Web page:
Venture Born at UMass Lowell Takes Next Steps in Bringing Product to Market



Contacts for media:  Nancy Cicco, 978-934-4944 or or Christine Gillette, 978-934-2209 or
LOWELL, Mass. – A team of UMass Lowell students who launched a startup to design and mass-produce affordable prosthetic limbs recently won a national competition and $25,000 in seed money. 

Called Nonspec, the venture took the top honor at the eighth annual American Society of Mechanical Engineers (ASME) Innovation Showcase, beating out eight entries from seven other universities. The prize is the latest of several accolades the startup has received over the past year.

The idea for Nonspec grew out of a student project that gained momentum through UMass Lowell’s DifferenceMaker program, which teaches students entrepreneurial skills they can put to work solving business, technology and societal problems. In 2013, the team won the top prize of $5,000 in the DifferenceMaker Idea Challenge, through which UMass Lowell students pitch their ideas for new products, services and technologies to expert judges. That award provided Nonspec with funding to create its first prototypes of prosthetic forearms. 

The prosthetics are designed using an innovative telescoping system of thermoplastic rods, enabling the devices to grow with the individuals who wear them. 

“This means children in developing nations need to change their prosthetics fewer times throughout their childhood, allowing them to develop their muscles regularly and, overall, enjoy a more normal, active life. Our product can also be adjusted for adult clients,” said Jonathan de Alderete of Carlisle, Nonspec’s chief operating officer, who graduated from UMass Lowell in May with a master’s degree in innovation and technological entrepreneurship.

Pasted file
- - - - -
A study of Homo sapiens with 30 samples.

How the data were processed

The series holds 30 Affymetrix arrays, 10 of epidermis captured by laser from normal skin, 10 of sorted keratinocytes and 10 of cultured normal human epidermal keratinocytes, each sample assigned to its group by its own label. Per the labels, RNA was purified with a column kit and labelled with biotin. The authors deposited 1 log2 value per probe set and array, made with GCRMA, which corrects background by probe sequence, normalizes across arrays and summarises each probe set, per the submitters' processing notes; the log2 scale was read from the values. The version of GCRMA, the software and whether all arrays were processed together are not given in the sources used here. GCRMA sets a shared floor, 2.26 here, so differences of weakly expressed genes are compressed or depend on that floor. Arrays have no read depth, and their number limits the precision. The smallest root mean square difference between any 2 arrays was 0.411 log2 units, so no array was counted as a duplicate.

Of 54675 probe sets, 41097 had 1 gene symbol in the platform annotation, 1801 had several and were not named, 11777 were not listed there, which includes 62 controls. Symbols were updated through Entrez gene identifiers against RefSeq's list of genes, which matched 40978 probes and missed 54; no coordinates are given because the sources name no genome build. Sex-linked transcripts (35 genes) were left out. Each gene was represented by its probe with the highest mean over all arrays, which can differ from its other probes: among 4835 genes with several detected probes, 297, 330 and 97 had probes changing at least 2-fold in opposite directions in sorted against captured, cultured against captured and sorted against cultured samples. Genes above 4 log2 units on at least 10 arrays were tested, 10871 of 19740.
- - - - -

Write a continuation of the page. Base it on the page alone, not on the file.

Nonspec hopes to bring the devices to market at $20 per unit – a cost the company says is vastly lower than that of traditional prosthetics. The startup will begin advanced testing of the prosthetic forearm this summer, along with looking for office space, creating a limited-liability company and developing additional products. 

“We are also finalizing our lower-limb prosthetic design,” said Nonspec Vice President Erin Keaney of Groton, who graduated from UMass Lowell in May with a master’s degree in plastics engineering. 

Other members of the Nonspec team include Katherine Cain of Malden, who recently graduated from UMass Lowell with a master’s degree in mechanical engineering, and Brendan Donoghue of Shrewsbury, a history and engineering student who will start his senior year this fall. 

Following its success in the DifferenceMaker Idea Challenge, the team won first place and $1,000 in the Plastics Application Design Competition presented by the International Association of Plastics Distribution. Entrepreneur Magazine also recognized the startup as one of the top 10 semi-finalists in the publication’s College Entrepreneur of 2013 contest.

“I feel great joy in seeing our students succeed,” said Robert Parkin, a UMass Lowell professor of mechanical engineering who has served as a Nonspec adviser. “The team is now pursuing up to five separate patents through the university’s Office of Commercial Ventures and Intellectual Property.”  

“The university is thrilled to see the hard work and success of our students recognized and rewarded by respected national professional organizations like ASME,” said Steven Tello, UMass Lowell’s associate vice chancellor for entrepreneurship and economic development, who established the DifferenceMaker Program in 2012. “This is a sustainable business model and assistive technology device that strive to make a real difference in the world. It has been both rewarding and fun to watch the evolution of both the product and the Nonspec team.” 

UMass Lowell is a national research university located on a high-energy campus in the heart of a global community. The university offers its 17,000 students bachelor’s, master’s and doctoral degrees in business, education, engineering, fine arts, health, humanities, sciences and social sciences. UMass Lowell delivers high-quality educational programs, hands-on learning and personal attention from leading faculty and staff, all of which prepare graduates to be ready for work, for life and for all the world offers.